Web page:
By Nick Sinis

LEONGATHA’S Ricky McNaughton is supporting this year’s Daffodil Day Appeal after raising tens of thousands of dollars towards cancer research over the years.

This Daffodil Day (Friday, August 27), Cancer Council is encouraging Victorians to use their ‘Flower Power’ to make a positive impact on the lives of people affected by cancer.

And with an average of 130 people diagnosed with cancer in South Gippsland each year, chances are most people have been touched by cancer in one way or another.

For almost 20 years, Ricky has hosted a Biggest Morning Tea event at Leongatha RSL after his sister Julie was diagnosed with Hodgkin’s disease – cancer of the lymphatic system.

“It was one thing that I didn’t know or had heard about, so I did some research into it and realised it was a form of cancer,” he told the Sentinel-Times.

“I thought, ‘How can I do something about it?

“I held a small morning tea here at the Leongatha RSL, which I think raised around $150 and had about 20 to 30 people.

“But from there, I got local businesses involved and I went to around 20 shops in Leongatha and asked for a donation to run a raffle and it grew.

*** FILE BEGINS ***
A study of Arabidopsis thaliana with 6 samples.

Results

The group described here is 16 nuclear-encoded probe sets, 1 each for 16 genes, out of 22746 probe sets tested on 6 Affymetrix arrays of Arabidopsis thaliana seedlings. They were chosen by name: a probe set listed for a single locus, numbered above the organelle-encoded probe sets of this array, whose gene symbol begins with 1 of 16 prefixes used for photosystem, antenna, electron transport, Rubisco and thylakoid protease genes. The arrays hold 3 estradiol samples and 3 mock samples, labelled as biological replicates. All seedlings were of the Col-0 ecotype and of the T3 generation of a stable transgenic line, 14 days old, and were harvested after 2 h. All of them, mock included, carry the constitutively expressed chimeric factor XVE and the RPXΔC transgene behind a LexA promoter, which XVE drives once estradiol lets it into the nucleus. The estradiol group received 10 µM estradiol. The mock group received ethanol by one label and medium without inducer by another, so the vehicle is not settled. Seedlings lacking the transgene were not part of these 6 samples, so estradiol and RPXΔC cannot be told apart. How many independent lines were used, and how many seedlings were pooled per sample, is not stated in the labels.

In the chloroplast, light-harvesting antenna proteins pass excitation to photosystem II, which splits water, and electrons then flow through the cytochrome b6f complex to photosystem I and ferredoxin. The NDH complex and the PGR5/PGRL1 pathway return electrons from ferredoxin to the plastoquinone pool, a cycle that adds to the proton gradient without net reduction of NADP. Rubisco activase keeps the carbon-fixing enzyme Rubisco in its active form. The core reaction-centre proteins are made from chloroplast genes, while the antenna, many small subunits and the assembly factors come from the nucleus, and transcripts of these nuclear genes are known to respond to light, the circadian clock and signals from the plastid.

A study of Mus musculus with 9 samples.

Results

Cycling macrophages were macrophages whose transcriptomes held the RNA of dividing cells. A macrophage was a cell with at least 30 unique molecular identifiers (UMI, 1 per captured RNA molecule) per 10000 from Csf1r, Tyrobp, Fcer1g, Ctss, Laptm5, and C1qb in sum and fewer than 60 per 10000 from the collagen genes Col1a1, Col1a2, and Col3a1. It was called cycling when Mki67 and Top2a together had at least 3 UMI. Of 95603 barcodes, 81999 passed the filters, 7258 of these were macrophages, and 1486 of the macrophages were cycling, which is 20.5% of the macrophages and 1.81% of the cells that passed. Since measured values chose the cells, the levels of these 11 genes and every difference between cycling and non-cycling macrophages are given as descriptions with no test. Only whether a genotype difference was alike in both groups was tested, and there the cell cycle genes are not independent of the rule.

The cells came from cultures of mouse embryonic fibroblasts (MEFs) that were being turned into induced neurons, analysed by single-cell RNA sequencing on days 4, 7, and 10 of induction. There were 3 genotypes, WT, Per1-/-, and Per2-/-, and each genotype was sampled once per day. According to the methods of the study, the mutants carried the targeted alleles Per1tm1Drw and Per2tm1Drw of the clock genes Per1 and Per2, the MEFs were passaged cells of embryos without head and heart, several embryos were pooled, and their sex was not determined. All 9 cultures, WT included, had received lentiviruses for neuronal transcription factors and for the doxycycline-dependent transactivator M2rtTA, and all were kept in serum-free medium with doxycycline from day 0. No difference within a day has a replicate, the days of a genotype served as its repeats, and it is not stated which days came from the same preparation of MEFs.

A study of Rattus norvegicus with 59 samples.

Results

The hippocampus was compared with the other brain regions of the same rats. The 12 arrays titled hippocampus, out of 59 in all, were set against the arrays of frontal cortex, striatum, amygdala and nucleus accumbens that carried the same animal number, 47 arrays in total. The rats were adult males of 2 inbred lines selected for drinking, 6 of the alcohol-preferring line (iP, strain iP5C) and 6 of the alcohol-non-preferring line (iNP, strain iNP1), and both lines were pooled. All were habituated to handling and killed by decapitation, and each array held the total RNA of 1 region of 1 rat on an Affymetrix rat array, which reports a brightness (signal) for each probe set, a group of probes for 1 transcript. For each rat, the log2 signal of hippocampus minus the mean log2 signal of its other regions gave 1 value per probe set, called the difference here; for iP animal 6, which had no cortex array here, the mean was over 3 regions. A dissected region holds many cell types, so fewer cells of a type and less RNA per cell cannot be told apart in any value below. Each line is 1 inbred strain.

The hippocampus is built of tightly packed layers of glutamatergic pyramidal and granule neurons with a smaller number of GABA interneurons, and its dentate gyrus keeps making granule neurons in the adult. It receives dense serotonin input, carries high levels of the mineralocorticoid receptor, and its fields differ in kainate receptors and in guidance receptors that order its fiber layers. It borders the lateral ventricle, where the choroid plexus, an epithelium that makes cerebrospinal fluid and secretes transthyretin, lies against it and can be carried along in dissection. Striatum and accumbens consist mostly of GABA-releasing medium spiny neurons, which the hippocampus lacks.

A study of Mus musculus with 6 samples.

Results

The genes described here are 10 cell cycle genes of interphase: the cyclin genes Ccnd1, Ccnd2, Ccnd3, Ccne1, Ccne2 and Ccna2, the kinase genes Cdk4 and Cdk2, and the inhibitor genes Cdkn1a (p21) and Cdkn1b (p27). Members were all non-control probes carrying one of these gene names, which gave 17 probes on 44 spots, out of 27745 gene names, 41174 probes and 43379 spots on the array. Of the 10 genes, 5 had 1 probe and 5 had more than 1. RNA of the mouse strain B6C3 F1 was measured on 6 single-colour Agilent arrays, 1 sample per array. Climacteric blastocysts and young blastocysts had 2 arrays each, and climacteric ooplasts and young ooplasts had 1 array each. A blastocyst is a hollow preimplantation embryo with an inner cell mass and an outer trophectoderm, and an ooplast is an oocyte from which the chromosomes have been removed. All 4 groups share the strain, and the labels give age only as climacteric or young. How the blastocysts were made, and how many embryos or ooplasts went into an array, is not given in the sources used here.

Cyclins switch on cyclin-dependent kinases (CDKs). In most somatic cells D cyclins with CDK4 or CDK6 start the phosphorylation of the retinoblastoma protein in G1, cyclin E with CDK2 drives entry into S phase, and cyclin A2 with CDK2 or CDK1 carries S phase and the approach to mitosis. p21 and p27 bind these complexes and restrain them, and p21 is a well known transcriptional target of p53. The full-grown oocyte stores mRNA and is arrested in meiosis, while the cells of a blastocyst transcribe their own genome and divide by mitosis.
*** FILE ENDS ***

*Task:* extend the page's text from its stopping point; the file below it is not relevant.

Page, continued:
“I think the biggest one that I had here was about 180 people.”

From this, Ricky’s Biggest Morning Teas would help raise almost $3000 annually.

“It continued to be really successful, but of course the last couple of years I haven’t ran it because of COVID,” he said.

“But prior to that I thought I’ll do a morning tea and incorporate something else, so I started running a ladies’ night.

“It’s grown from something tiny, to one year I didn’t have enough chairs.

“I get guest speakers in every year too and I always go for a local that has been touched by cancer themselves.

“My sister helps me on the day as my aunty and her sit at the door and sell all the raffle tickets.”

Ricky said he was also personally affected by cancer, after going through chemotherapy several years ago.

“That plugged into why I needed to do more,” he said.

“But my sister has been in remission for years now.

“She had three boys and was diagnosed. She went through all the treatment.

“It was tough time for everyone, but she stayed really positive through the whole thing.

“And not long after, she ended up pregnant and had another boy.”

Ricky is also hoping to kickstart his morning teas again next year if COVID restrictions allow.

In 2020, Cancer Council invested $23.7 million in cancer research.

For more information or to donate to this year’s Daffodil Day, visit daffodilday.com.au or call 1300 65 65 85.